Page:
You also know that, in every community, there are one or two tourist traps that are beloved of the locals. They're the ones to which local residents take their friends and family, and find their own way, unbidden, during the off season.
The Old Country Market in Coombs (on Vancouver Island, BC, Canada) is just such a place. A collection of ramshackle log buildings roofed with grass, it draws tourists because of its eccentric appearance, which includes a herd of goats grazing on the aforementioned roof tops.
I somehow neglected to take a photo of the main market building but here's a picture of some of the smaller shops that line the lane beside it, and of the goat enclosure at the back of the main building.
Once drawn in, the tourists stay - and often return again and again - because of the atmosphere, which is just plain fun. During the summer months the market is crowded and hectic and a little crazy, with folks of every age shopping, and visiting, enjoying live music, and eating on the outdoor deck (hopefully well away from the edge of the roof and its attendant goat dropping hazard).
Even the goat dropping hazard has become part of the local legend, and has been turned to the market's advantage. They do a brisk trade in all sorts of items, from T-shirts to food products, emblazoned with their "Goats on the Roof" logo.
Tacky, I know, but pretty funny too!
In the fall, when the weather cools, the crowds thin and the locals begin to shop. The market used to close by mid-October but now stays open until December, the owners having realized that their customers within the community appreciate the quieter atmosphere the autumn months bring.
I visited the Old Country market during last weekend of October. My friend Colleen and I drove out to enjoy lunch and a visit at Cuckoo's, an Italian themed restaurant located in the lane behind the market.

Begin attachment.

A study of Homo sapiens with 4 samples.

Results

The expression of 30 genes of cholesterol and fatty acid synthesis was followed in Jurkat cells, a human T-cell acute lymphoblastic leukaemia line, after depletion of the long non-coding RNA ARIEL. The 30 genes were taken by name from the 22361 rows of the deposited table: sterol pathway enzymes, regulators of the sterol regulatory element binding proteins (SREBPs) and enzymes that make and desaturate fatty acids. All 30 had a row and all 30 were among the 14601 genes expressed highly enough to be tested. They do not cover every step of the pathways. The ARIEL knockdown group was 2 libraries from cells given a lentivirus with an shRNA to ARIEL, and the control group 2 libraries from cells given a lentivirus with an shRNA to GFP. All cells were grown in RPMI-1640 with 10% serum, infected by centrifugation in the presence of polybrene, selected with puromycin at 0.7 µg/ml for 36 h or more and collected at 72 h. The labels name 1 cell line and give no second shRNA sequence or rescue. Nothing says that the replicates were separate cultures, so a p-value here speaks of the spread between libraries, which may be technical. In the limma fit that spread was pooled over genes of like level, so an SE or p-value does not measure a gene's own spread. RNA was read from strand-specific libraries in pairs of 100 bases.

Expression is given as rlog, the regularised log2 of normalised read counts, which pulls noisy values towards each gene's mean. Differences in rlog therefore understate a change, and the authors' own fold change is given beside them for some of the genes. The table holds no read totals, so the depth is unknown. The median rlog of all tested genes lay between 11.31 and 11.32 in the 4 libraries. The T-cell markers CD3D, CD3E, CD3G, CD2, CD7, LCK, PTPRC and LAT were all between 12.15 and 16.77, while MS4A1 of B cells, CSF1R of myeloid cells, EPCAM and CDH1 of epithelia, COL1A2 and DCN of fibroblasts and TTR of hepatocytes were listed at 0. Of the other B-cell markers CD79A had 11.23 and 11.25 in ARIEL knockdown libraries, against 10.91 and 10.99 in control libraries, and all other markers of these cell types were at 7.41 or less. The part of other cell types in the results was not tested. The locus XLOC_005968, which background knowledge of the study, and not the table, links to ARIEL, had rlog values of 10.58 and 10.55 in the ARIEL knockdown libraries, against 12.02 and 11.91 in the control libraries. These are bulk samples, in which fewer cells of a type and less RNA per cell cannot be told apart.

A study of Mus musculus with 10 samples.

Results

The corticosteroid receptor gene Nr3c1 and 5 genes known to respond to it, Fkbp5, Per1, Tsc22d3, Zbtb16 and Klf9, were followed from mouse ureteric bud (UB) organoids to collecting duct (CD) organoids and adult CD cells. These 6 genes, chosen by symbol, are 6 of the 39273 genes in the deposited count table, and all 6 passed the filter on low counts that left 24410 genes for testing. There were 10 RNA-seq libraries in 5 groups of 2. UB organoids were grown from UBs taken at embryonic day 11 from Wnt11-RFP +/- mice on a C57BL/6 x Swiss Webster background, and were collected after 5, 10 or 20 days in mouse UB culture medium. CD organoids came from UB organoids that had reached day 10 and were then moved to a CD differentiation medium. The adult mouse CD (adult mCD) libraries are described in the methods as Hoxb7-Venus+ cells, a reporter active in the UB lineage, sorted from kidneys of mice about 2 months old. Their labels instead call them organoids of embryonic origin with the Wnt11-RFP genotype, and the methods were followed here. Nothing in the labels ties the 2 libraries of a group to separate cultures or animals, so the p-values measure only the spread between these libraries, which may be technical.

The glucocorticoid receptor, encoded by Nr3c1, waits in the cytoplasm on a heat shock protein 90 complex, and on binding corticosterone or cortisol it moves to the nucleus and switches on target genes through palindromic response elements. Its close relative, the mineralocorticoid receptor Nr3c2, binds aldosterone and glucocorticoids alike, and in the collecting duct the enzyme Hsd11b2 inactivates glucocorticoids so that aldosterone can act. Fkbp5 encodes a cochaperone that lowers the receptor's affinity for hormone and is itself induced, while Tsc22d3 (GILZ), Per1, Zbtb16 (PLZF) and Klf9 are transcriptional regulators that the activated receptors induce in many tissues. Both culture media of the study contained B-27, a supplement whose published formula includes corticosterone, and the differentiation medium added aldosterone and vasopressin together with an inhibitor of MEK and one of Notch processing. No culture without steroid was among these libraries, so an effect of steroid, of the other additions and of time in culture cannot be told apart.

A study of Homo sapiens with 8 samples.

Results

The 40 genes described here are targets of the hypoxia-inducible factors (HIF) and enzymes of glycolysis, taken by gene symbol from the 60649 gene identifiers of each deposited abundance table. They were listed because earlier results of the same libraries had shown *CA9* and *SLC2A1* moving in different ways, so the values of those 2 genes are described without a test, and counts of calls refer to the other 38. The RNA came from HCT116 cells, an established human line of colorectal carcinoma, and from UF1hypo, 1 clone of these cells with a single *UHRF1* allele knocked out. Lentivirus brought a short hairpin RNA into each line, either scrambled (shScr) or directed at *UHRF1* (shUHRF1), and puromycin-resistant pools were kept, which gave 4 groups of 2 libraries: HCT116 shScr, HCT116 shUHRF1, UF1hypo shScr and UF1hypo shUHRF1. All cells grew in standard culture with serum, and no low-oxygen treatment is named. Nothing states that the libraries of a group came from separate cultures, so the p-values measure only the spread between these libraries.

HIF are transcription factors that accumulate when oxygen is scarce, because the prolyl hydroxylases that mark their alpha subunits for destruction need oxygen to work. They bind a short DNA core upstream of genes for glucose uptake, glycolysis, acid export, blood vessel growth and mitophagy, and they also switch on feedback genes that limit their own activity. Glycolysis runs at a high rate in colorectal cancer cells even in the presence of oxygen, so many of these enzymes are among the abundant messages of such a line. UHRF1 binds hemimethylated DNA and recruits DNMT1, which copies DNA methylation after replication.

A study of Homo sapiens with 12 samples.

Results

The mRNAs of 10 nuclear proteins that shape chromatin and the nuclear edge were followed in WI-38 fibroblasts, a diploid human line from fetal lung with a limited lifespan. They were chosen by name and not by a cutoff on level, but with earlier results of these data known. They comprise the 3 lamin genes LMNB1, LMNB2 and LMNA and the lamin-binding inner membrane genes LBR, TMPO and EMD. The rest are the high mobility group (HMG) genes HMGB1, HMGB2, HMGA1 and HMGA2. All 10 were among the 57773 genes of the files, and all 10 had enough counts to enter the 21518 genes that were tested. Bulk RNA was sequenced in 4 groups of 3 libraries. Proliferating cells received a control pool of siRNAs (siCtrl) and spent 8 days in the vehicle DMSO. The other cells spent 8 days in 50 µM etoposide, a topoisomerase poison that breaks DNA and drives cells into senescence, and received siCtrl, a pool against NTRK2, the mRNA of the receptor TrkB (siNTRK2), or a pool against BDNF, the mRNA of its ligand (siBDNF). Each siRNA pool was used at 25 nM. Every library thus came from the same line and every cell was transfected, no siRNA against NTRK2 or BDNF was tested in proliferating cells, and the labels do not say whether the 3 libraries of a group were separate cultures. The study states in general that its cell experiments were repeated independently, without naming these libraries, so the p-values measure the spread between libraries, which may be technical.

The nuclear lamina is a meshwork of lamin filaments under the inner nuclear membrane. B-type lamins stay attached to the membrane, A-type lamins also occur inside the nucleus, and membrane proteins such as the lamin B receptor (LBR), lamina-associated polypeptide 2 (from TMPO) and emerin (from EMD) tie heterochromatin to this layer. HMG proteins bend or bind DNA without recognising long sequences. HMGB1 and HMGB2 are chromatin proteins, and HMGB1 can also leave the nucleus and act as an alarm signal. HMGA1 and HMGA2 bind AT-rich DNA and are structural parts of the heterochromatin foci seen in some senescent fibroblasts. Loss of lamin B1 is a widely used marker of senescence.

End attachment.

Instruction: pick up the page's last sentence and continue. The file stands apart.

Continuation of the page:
Cuckoo's is very different in appearance from the market proper. Its stucco facade and wrought iron Juliet balconies are intended summon up tourist-y images of Italian houses.
The restaurant's tall windows offer glimpses of the lovely space inside and are over-arched by grape vines which, even in late October, still bear dark purple grapes among the fading foliage.
(Please excuse the accidental self portrait. ;^)
Inside, the restaurant is plain and informal, with polished wood floors and pretty garden views from almost every window.
It was a lovely spot for a quiet visit, and the food was quite good too!
After lunch, we explored the very un-Italian garden at the back of the building, still beautiful even with the falling leaves,
The garden center next door to Cuckoo's hosted a bevy of Buddhas,
and sold a wonderful assortment of plant pots, garden ornaments, shrubs and perennial plants.
From the garden center, we stepped into a small shop that sold a pretty assortment of Indian textiles,
some lovely Victorian themed greeting cards and Christmas-y things,
and an assortment of really fun bath salts. They had the most wonderful packaging! Here are some of my favourites:
Directly opposite the shop, on the other side of the courtyard that houses the garden center, is the back wall of a produce stand.
If you walk up to this wall, you can what the grassy roofs actually look like close up. They're quite beautiful.
After buying some fruit and vegetables, we headed into the market's main building and quickly discovered exactly what it is that draws the locals back again and again.
The market stocks an amazing assortment of international foods! A shopper can travel in just a few steps from Italy to Asia by way of Germany, from Asia to France by way of India, from France to Britain by way of Mexico, and from there back to Italy again.
Shopping heaven for a food-lovin' gal like me!
Come have a shop with me. If you'd like to see the photos in a larger view, click on any image.